I’ll be honest: coffee is always the first thing. The alarm goes off, or my husband rubs my arm, or the dog licks my face, or my eyes flutter open, and I immediately stumble into the kitchen, toward the coffee pot.
I watch the coffee brew. I pour in the skim milk. I stir in a bit of brown sugar. I breathe in that beautiful, bitter scent, and I take that first, sweet sip.
This is the beginning of my Sunday morning. Maroon 5 may have said it best, “things just get so crazy” and “living life gets hard to do,” but there is something subtly sacred about Sunday mornings.
Once the caffeine hits my bloodstream, I start moving through the other motions. Eating my breakfast. Taking my vitamins. Showering. Staring at my closet. Doing my makeup. Searching for my car keys. Crating the pup. Setting the alarm. Driving to church. I do it all with the coffee cup in my left hand. I take the last sip as my husband parallel parks the car.
I’ll be honest: I almost always go to church on Sunday mornings. And, I almost never want to go on Sunday mornings. I don’t want to go anywhere on Sunday mornings. I want to sit in bed with my coffee and a book. But, I go to church anyway. I usually go sleepy-eyed. I rarely go bushy-tailed.
Which begs the question: why go to church at all? If you’re reading your Bible… If you’re saying your prayers… If you’re trying to be a good family member or co-worker… If you’re attending a small group… If you’re doing all those other spiritual practices throughout the week… Why go to church as well?
1.God is there.
God is everywhere, but He reveals Himself in a unique way in the community and in the liturgy. A dear (brilliant) friend once said, if you’re trying to hear the voice of God in your life, why would you avoid the one place where He is most present. In the community of believers. In the Word. In the Eucharist. Jesus says it best in the Book of Matthew: “For where two or three are gathered in my name, I am there among them” (18:20, NRSV).
2. God wants you there.
Or, in other words, “because the Bible says so.” As Paul wrote to the Hebrews, “let us consider how to provoke one another to love and good deeds, not neglecting to meet together, as is the habit of some, but encouraging one another” (10:24-25, NRSV). It is not easy being a Christian; it is a demanding call. We need a community of like-minded believers to encourage us, challenge us, and hold us accountable.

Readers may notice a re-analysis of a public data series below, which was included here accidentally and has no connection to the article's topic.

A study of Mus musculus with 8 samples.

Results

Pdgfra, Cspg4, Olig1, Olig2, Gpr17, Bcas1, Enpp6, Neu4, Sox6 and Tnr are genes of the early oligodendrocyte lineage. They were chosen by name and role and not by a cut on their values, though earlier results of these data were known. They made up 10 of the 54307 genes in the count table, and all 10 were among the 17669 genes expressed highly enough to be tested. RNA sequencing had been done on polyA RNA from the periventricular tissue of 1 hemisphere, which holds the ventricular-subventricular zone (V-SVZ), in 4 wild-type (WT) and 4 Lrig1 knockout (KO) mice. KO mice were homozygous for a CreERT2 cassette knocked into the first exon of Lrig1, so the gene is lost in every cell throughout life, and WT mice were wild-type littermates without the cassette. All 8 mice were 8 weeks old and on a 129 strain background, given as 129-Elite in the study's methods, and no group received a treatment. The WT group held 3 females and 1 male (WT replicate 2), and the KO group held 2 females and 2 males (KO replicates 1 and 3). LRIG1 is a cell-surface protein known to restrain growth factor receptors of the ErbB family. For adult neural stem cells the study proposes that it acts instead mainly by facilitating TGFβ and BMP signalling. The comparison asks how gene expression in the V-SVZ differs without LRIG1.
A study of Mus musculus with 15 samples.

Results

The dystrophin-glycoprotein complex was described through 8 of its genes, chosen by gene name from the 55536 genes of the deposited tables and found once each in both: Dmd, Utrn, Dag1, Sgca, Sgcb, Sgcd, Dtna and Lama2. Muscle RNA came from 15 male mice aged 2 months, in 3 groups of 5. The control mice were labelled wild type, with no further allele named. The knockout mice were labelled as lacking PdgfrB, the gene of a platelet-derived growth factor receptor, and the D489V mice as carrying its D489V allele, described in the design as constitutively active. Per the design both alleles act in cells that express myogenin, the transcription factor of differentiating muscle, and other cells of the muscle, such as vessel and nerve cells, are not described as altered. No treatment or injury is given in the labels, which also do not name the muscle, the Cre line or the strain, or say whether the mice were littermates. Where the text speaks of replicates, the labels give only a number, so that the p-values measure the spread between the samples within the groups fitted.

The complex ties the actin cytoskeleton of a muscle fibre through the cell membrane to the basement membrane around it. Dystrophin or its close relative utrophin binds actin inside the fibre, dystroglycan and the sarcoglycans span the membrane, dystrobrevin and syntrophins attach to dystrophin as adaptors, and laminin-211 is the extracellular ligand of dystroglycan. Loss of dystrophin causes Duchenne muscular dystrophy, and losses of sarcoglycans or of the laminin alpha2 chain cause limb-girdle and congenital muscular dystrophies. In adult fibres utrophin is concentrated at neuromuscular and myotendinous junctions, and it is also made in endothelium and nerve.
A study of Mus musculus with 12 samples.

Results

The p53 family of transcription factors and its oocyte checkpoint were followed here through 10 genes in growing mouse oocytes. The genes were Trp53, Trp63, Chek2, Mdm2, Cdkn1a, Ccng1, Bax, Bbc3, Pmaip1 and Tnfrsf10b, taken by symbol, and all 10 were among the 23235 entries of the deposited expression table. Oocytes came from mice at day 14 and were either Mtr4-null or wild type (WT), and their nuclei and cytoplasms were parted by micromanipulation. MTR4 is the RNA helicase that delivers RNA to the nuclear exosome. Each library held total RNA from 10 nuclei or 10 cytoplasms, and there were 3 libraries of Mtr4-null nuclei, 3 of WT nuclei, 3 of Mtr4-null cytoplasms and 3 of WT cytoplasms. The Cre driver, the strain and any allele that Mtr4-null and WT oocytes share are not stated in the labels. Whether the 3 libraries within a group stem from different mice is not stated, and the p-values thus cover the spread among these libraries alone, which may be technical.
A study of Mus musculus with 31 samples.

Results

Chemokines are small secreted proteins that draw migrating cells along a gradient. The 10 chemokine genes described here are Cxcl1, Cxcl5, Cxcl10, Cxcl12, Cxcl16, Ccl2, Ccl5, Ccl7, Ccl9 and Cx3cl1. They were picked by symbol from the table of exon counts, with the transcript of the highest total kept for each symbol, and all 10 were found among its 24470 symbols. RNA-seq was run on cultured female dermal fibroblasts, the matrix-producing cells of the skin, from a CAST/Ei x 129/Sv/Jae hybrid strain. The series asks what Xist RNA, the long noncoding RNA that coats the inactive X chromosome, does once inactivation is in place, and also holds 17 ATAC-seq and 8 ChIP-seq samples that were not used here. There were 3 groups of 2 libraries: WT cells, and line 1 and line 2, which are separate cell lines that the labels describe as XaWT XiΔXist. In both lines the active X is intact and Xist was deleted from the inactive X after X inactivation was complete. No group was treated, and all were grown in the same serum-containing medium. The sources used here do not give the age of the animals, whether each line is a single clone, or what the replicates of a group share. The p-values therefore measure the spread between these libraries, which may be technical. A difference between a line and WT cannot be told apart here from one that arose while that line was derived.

3. Your neighbor needs you there.
I once skipped church to read Harry Potter. It was the second to last book, and I was just beginning to understand horcruxes, and I could not step away. So, I put my will, my wants first. Over God’s. Over my neighbor’s.
As stated above, we all need a community to encourage and challenge us. Just because you don’t want to go to church on a particular day doesn’t mean your neighbor doesn’t desperately need you at church on a particular day. You owe it to your neighbor to put down the book and go to church.
4. You don’t know everything.
It is just true. You don’t know everything. I don’t know everything, either. I went to seminary for three years full-time, and I barely learned the basics. The Bible is the Word of God. There is simply no way you – or I or even your pastor – could make sense of it alone. By studying the Word in community, we avoid manipulating it according to our own (often subconscious) desires or fears.
5. Jesus did know everything… and he still worshipped in community.
Jesus is the Savior of the world, the Son of God, and he was always at the synagogue. Even he saw value in studying, worshipping, and praying with others. His community was imperfect, and he frequently criticized both the institution and the members, but he went anyway. There are worse examples to follow.
So, come Saturday night, get your coffee cup ready. And, come Sunday morning, get showered, get dressed, and get to church. Adam Levine was right. “Things just get so crazy” and “living life gets hard to do.” That’s not a reason to stay in bed next Sunday morning. That’s the best reason to go to church next Sunday morning.